If it takes "true grit" to be Opposition leader, then Judith Collins has it in spades.
Press Gallery divas have already placed a giant short under her political future on the basis of a recent Reid Research poll.
But Collins still keeps turning up. She put on a credible performance at yesterday's BusinessNZ post-Budget luncheon irrespective of the obvious strain she is under from those who won't give her a fair chance.
The National leader holds what must be one of the worst jobs in New Zealand politics.
Yes, there has been a decline in her preferred prime minister rating. But some history here. Even Helen Clark — who went on to become a highly competent Labour Prime Minister — had very low approval ratings for a considerable time while Opposition leader.
But now Collins must walk a tightrope, with her every comment measured against a reflexive response from journalists. If she raises a valid argument — such as, for instance, making the point that proposed changes to give more power to Māori through a partnership model should be debated — the reflexive journalistic response is to charge her with race-baiting or sounding the dog whistle — harking back to former National and Act leader Don Brash's Orewa speech.
Why are they so fearful of debate?
It is not racist to suggest that proposals such as those contained in the He Puapua report should be openly debated rather than sitting in some drawer in a Cabinet Minister's office.
There is obviously considerable dissatisfaction within Māoridom with the status quo. The He Puapua proposals provide an opportunity to embrace fundamental change if New Zealand chooses to do so through the evolution of a new constitutional framework.
This is the point.
Why not a Royal Commission to openly investigate and come up with recommendations — if warranted — for a new constitutional framework that is fit for the 21st century and beyond?
A framework that endeavours to keep faith with the Treaty of Waitangi and deliver on bicultural objectives against a present-day reality that in Auckland, for instance, the experience is multicultural. Not simply Pakeha and Māori, but also the large Asian and Pasifika populations who also want to be embraced as New Zealanders.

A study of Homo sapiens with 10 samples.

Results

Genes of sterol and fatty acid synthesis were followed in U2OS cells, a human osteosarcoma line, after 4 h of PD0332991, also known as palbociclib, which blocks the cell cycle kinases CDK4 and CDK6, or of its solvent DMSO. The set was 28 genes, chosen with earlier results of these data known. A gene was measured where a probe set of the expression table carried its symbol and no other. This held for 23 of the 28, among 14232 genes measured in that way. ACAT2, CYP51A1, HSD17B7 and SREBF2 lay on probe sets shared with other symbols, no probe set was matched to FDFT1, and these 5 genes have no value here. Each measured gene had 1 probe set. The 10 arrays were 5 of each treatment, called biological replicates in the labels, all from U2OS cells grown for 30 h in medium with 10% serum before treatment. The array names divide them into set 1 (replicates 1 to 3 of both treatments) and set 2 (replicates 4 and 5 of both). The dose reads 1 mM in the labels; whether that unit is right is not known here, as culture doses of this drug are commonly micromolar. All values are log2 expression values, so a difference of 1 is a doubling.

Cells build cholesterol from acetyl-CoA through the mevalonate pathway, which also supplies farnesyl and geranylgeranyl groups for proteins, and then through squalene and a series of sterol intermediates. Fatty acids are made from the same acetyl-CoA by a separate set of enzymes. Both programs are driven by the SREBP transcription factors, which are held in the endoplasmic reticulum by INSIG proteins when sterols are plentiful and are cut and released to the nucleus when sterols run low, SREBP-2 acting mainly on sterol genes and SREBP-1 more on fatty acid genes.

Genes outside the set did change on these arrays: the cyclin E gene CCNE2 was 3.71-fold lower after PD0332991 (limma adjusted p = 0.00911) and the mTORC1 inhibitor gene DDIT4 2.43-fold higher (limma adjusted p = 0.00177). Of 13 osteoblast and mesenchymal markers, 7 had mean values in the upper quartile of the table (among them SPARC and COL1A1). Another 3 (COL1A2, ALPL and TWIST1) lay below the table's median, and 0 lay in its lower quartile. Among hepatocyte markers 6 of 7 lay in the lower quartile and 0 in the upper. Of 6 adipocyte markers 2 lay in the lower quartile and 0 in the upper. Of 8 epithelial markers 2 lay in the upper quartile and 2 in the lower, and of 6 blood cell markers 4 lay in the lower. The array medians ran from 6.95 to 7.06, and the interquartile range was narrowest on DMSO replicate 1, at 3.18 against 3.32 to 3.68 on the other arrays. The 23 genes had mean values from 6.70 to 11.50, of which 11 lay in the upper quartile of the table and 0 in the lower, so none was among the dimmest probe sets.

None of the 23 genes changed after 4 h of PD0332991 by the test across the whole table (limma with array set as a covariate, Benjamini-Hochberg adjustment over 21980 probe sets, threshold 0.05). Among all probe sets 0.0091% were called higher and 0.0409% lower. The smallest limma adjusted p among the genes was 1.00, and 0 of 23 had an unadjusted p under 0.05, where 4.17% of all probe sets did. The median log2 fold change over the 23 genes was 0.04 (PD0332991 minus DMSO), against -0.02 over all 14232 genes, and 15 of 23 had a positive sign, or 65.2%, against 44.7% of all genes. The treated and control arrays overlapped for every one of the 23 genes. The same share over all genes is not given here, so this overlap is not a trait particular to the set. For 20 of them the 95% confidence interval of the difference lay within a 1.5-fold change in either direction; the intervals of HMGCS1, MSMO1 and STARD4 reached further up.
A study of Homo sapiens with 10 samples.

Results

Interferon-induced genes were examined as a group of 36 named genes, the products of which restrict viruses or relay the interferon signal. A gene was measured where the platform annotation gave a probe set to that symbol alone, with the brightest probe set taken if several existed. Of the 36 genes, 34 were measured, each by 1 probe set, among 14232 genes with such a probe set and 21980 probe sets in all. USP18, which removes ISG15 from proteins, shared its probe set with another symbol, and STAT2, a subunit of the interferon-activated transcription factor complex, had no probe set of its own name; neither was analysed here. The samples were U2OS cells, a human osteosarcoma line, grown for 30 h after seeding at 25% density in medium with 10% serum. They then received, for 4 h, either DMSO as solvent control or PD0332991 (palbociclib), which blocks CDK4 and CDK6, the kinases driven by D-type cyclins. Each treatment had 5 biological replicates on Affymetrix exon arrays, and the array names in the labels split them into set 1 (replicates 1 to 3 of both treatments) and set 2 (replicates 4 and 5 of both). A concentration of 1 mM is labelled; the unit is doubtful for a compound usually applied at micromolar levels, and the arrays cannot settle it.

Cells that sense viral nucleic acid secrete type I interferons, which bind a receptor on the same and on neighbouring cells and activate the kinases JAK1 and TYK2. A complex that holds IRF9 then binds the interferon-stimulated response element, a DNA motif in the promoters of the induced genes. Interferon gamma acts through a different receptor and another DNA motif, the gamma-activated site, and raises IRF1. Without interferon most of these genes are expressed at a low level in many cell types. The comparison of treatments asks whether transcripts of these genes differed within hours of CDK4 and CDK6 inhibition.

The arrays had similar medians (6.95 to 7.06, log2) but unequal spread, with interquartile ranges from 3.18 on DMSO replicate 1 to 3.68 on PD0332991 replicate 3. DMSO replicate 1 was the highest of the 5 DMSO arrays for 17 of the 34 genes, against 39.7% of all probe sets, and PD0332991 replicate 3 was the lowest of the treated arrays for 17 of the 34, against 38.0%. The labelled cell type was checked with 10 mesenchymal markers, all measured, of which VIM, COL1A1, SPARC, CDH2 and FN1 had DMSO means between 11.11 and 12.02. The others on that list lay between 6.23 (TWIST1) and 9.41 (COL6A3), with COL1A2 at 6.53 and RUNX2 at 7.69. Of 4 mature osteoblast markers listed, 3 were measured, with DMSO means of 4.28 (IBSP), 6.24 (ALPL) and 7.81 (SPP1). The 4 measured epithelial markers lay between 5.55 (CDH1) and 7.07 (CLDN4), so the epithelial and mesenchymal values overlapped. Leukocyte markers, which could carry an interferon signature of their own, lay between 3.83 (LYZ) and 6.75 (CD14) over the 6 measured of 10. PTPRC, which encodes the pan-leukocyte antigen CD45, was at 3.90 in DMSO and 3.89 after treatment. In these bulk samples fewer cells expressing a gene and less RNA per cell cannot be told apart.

This is not work for the faint-hearted.
Collins did not touch on these issues at the BusinessNZ luncheon.
What she did canvass was the opportunity to present a growth agenda for New Zealand.
Among the initiatives were more investment in science and R&D to solve pressing issues like climate change's impact on our key agricultural export sector. More investment into high-growth sectors and so forth.
What was clear was that Collins and her Shadow Treasurer Andrew Bayly are in listening mode and are thus responsive to what business is experiencing.
There is the hard truth that the NZ border is not going to be opened significantly until mass vaccination against Covid-19 takes place.
It is scandalous that New Zealand may run out of Pfizer vaccines mid-year.
Collins did not make a great song and dance of the issue but she could have.
Fundamentally, she did hit on three matters that are of increasing concern to businesses.
First, the Government's failure to deliver in timely fashion on existing infrastructure commitments against a background where, according to businesspeople I spoke with yesterday, Australian recruiters now have their chequebooks out to persuade people to cross the Tasman and work there.
Second, the Government's proposed immigration reset. Collins suggested this was aimed at the "rich". It also is aimed at more highly skilled immigrants.
But right across businesses there are shortages at the level of cleaners for hotels, fruit-pickers and hospitality staff. These are jobs that aren't done by machines but by hard-working people who will grab a chance to work in New Zealand and give their families a chance to get ahead.
Third, creeping Government centralisation squeezing out the private sector.
These are issues which matter to business.
Collins is hitting a nerve here.
She does, somewhat irritatingly, still tend to spoil her delivery with self-deprecating comments.
And of course she polarises — as many effective people do.
But to a business audience she is making cut-through where it matters.